Ex-CIA officer convicted of leaking Iran plan
- 26 January 2015
- From the section US & Canada
A former CIA officer has been convicted of leaking classified details of a US operation against Iran to a reporter.
Jeffrey Sterling denied the leak but was found guilty in a Virginia court of all nine counts he faced.
New York Times reporter James Risen was the recipient of what former Secretary of State Condoleezza Rice testified was one of the most closely held secrets.
But he was not called to give evidence because he said he would never reveal his sources, even if jailed.
The US operation to thwart Iran's nuclear plans involved involved using a CIA agent nicknamed Merlin to pass on erroneous nuclear blueprints to Iran.
Mr Risen's book State of War described this plan as botched and counter-productive because they could have armed Iran with nuclear expertise.
Defence lawyers admitted the journalist and former agent had a relationship, laid bare in phone calls and emails, but they argued there was no evidence the two men discussed anything classified.
Sterling will be sentenced in April.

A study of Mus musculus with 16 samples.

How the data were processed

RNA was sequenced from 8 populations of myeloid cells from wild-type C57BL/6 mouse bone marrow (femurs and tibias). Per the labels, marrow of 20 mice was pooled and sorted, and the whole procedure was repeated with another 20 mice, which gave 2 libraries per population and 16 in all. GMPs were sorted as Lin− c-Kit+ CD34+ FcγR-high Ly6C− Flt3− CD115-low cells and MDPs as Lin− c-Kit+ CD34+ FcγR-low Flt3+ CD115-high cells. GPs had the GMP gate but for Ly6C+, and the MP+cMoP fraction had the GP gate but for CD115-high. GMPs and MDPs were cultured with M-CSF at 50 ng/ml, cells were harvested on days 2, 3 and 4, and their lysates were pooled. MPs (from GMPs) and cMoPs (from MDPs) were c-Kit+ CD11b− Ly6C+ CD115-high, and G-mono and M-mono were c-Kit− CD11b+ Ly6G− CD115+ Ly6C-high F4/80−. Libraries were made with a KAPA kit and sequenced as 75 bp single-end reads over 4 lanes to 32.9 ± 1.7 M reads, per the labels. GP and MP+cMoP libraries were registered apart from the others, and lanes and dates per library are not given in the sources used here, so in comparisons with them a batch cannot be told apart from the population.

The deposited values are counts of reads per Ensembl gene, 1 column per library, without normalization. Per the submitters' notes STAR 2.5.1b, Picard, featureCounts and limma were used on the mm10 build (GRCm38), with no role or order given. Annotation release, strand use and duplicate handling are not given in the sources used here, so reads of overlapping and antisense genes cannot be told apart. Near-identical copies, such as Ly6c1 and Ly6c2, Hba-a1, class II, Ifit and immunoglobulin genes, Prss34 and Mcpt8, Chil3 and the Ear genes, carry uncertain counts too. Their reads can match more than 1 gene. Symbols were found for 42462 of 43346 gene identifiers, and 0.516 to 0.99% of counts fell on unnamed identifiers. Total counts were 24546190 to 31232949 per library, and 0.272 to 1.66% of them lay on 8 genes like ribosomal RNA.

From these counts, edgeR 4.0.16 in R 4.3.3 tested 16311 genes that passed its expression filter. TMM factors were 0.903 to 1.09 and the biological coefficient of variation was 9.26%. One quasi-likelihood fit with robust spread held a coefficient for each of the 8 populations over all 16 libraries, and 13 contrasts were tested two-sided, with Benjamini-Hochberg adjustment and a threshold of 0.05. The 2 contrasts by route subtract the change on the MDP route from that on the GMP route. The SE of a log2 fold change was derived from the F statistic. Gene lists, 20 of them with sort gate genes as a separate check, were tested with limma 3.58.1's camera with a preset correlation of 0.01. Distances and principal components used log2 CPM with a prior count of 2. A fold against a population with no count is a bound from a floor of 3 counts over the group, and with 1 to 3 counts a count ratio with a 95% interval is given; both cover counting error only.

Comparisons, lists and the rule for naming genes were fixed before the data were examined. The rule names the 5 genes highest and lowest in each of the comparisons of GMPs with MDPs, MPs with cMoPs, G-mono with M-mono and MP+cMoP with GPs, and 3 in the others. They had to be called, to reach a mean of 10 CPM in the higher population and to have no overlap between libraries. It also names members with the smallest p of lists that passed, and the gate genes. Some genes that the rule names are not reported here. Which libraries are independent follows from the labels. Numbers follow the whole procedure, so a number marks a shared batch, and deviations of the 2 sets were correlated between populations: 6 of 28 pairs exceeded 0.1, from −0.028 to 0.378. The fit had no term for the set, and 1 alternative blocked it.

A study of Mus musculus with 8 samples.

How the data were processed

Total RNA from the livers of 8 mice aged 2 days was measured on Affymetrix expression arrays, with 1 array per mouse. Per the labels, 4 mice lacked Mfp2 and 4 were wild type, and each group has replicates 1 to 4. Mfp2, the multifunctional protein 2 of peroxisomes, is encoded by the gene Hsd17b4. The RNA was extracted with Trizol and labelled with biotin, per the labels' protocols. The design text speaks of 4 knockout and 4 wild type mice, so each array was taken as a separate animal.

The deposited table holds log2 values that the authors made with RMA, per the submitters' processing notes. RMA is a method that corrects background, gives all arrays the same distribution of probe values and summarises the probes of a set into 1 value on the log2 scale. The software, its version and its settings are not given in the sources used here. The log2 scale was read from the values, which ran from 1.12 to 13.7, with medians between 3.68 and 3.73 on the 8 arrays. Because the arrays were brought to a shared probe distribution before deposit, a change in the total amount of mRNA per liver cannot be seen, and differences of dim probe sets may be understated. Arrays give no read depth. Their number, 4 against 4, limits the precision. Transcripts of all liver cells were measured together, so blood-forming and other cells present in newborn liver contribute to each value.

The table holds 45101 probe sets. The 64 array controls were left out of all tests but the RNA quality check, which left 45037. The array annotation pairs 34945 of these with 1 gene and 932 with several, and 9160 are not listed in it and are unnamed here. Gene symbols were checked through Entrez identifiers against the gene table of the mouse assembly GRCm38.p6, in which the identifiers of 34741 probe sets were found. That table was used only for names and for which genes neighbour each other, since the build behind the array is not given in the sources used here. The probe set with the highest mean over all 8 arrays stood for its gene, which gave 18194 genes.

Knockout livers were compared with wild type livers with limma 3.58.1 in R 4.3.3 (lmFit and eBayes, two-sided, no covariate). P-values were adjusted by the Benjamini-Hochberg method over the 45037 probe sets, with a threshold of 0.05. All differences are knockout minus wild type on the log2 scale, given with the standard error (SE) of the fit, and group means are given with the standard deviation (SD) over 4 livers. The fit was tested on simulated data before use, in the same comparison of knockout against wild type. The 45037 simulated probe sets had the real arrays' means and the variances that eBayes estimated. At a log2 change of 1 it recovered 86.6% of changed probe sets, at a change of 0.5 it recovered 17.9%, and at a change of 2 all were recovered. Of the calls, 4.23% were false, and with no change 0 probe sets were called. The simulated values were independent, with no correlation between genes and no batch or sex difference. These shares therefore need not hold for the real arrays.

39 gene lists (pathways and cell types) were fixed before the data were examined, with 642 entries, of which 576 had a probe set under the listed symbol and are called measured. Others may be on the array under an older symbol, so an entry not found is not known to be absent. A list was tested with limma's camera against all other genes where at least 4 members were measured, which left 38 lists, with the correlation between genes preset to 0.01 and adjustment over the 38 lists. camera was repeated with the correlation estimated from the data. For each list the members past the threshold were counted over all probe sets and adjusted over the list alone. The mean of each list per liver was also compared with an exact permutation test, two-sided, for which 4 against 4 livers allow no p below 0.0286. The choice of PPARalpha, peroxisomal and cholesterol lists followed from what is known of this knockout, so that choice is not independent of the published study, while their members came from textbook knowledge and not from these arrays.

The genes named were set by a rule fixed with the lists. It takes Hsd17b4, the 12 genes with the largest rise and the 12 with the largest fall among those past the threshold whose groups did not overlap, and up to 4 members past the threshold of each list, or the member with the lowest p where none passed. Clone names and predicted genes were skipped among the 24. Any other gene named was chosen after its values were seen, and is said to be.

Analysis: Tara McKelvey, White House reporter, BBC News
This is the first time in 30 years a jury has convicted a former official of leaking classified information - and shows the seriousness of Sterling's crime as well as the US justice department's aggressive approach towards leaks under US President Barack Obama.
In previous leak cases, such as one involving a former CIA officer named John Kiriakou, the accused have reached plea agreements.
Sterling's case underscores the hard line Mr Obama has taken against leaks. He has pursued more leak cases than George W Bush and all other presidents combined.
"The prosecution reflects the political climate," says Steven Aftergood, director of the Federation of American Scientists' Project on Government Secrecy, referring to the Sterling case. "It shouldn't, but it does."
In 1985 a jury convicted Samuel Loring Morison, a former naval intelligence analyst, of disclosing classified information to the media but he was later pardoned by President Bill Clinton.